When the Bulls and Atlanta Hawks meet with a week left in the season you can throw out all the records.
These two teams wish you would.
But the NBA makes its teams finish the season, so the Hawks did in going to 26-53 with a 116-101 victory over the 22-57 Bulls.
Though Kirk Hinrich had a career-high 29 points, the Bulls played with little interest, not to mention defense, in a game the Hawks dominated throughout.
Stephen Jackson led Atlanta with 36 points and Bob Sura had a triple-double before the end of the third quarter.
"I don't think the defense on either end was very impressive," Bulls coach Scott Skiles said in an understatement. "But I felt like they had a lot of life. They got out on the break on us. They probably had 40 fast-break points (a season-high 29 for Bulls' opponents).
"I felt they showed up and tried to win a pro basketball game and we had a hard time doing that."
Skiles allowed himself a wish before the game.
"I'm hoping they'll play like they have a sense of pride for finishing the season, that they play like they haven't already quit," Skiles said.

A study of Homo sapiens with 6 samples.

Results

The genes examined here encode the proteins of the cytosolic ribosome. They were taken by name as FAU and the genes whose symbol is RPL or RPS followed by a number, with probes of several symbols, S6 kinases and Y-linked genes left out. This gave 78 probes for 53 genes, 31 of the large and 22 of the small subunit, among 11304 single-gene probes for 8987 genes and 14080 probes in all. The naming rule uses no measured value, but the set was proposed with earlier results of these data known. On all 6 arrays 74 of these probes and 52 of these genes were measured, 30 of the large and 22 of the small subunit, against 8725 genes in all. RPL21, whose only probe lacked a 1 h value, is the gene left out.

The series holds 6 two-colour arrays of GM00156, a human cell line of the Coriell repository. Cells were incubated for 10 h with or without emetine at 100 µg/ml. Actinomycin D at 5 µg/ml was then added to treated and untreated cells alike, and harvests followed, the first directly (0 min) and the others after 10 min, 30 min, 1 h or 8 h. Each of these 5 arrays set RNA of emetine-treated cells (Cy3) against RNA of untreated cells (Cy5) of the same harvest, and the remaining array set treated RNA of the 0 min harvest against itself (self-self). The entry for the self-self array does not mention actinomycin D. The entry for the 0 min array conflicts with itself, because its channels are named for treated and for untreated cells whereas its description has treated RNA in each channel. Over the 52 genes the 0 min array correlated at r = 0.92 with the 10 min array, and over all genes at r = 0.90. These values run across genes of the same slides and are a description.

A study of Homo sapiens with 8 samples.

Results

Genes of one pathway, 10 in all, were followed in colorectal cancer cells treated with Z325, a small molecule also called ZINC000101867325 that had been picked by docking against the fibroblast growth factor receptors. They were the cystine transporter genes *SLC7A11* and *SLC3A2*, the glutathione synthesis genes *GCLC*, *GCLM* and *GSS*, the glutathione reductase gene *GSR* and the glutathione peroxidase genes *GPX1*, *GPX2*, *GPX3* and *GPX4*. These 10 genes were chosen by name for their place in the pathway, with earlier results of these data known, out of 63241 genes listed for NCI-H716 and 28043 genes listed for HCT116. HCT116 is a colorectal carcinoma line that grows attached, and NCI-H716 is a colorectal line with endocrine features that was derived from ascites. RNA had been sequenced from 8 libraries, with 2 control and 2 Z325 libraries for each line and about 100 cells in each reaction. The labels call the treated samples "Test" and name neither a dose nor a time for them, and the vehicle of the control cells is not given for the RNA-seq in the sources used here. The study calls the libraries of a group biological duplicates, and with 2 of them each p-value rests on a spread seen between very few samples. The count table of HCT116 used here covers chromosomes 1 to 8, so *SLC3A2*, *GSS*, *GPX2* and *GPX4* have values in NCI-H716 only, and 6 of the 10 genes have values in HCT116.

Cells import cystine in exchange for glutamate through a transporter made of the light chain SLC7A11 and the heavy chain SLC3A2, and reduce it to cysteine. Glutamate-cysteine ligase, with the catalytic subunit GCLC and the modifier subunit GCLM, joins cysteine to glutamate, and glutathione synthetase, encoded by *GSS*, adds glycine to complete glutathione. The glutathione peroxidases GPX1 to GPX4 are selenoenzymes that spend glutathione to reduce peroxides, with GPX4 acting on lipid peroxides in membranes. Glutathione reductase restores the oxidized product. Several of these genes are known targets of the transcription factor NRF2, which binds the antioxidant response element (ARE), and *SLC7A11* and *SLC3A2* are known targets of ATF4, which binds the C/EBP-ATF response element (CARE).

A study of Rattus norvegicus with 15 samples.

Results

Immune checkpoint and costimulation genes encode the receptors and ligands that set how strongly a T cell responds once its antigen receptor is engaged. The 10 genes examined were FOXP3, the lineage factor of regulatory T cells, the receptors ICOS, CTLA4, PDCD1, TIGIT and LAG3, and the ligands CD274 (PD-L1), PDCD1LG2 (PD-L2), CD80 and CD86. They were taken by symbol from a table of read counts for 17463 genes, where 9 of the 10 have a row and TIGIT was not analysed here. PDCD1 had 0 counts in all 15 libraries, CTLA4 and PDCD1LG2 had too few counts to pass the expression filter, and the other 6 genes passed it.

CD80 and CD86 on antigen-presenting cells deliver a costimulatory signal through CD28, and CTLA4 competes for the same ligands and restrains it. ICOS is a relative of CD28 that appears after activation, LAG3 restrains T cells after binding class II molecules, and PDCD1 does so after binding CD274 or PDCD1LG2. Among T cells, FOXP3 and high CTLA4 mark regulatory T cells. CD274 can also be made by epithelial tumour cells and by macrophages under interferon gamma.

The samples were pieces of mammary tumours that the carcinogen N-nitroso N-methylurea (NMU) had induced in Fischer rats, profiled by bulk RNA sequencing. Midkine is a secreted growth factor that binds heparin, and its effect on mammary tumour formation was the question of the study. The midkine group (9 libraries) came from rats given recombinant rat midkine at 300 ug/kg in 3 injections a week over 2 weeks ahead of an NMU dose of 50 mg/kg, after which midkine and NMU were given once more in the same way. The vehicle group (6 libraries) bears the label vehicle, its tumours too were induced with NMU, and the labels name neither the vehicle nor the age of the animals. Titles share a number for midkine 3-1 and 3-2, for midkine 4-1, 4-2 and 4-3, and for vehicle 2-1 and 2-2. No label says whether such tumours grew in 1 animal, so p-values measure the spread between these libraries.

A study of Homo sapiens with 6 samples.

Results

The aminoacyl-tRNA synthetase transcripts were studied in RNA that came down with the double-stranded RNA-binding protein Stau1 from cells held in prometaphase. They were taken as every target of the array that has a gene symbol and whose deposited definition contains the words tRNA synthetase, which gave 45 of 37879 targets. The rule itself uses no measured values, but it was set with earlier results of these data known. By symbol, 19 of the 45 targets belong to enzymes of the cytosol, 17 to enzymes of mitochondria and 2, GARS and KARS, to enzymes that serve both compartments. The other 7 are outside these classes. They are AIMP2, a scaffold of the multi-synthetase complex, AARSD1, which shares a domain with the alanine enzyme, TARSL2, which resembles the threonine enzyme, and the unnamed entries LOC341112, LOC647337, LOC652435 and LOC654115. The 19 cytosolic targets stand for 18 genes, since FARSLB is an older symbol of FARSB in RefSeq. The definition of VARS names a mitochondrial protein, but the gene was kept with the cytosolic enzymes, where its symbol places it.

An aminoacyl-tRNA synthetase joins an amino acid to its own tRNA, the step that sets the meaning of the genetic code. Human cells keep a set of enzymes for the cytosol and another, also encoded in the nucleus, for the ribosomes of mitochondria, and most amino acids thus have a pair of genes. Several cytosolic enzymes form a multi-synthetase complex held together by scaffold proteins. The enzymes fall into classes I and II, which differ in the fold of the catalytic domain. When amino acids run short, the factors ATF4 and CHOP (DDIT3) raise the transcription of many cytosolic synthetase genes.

Occasionally coming within 10 feet of the Atlanta shooters, the Bulls fell behind 26-15 eight minutes into the game and trailed 37-24 after one quarter. It equaled the most points scored against the Bulls this season in the first quarter. Then the Bulls quickly fell behind 45-26.
It wasn't until late in the third quarter, in the midst of a 16-0 Hawks run, that the fans started booing as the Bulls fell behind 27 points. They came back with a makeshift lineup of substitutes and made a 15-2 run before the Hawks pulled away.
A year ago, the Bulls were 28-51 but had some hope because Eddy Curry, Tyson Chandler and Jamal Crawford were playing well. Friday night, Curry and Crawford again were benched for the fourth quarter, Chandler skipped the game to have Lasik eye surgery and there seemed little hope among those players remaining.
Bits: Bulls chairman Jerry Reinsdorf conceded the Bulls might have to release Scottie Pippen and pay him his full salary next season if Pippen is unable to play, as expected. "All those years when Scottie said he was underpaid, we said he signed a contract. If this time, we made a bad deal then you have to live with that [and pay him off]," Reinsdorf said.
Pippen said he didn't know which game would be his last, but was hoping not to be with the team for the final game in Indianapolis.
Kendall Gill, out for the rest of the season after a recurrence of migrane headaches, said he plans to play one more season. "Now that I've fulfilled my dream [of playing for my hometown team], I want to win," Gill said. "That's why I'm going to put everything into getting ready this summer." The Bulls are not expected to retain Gill.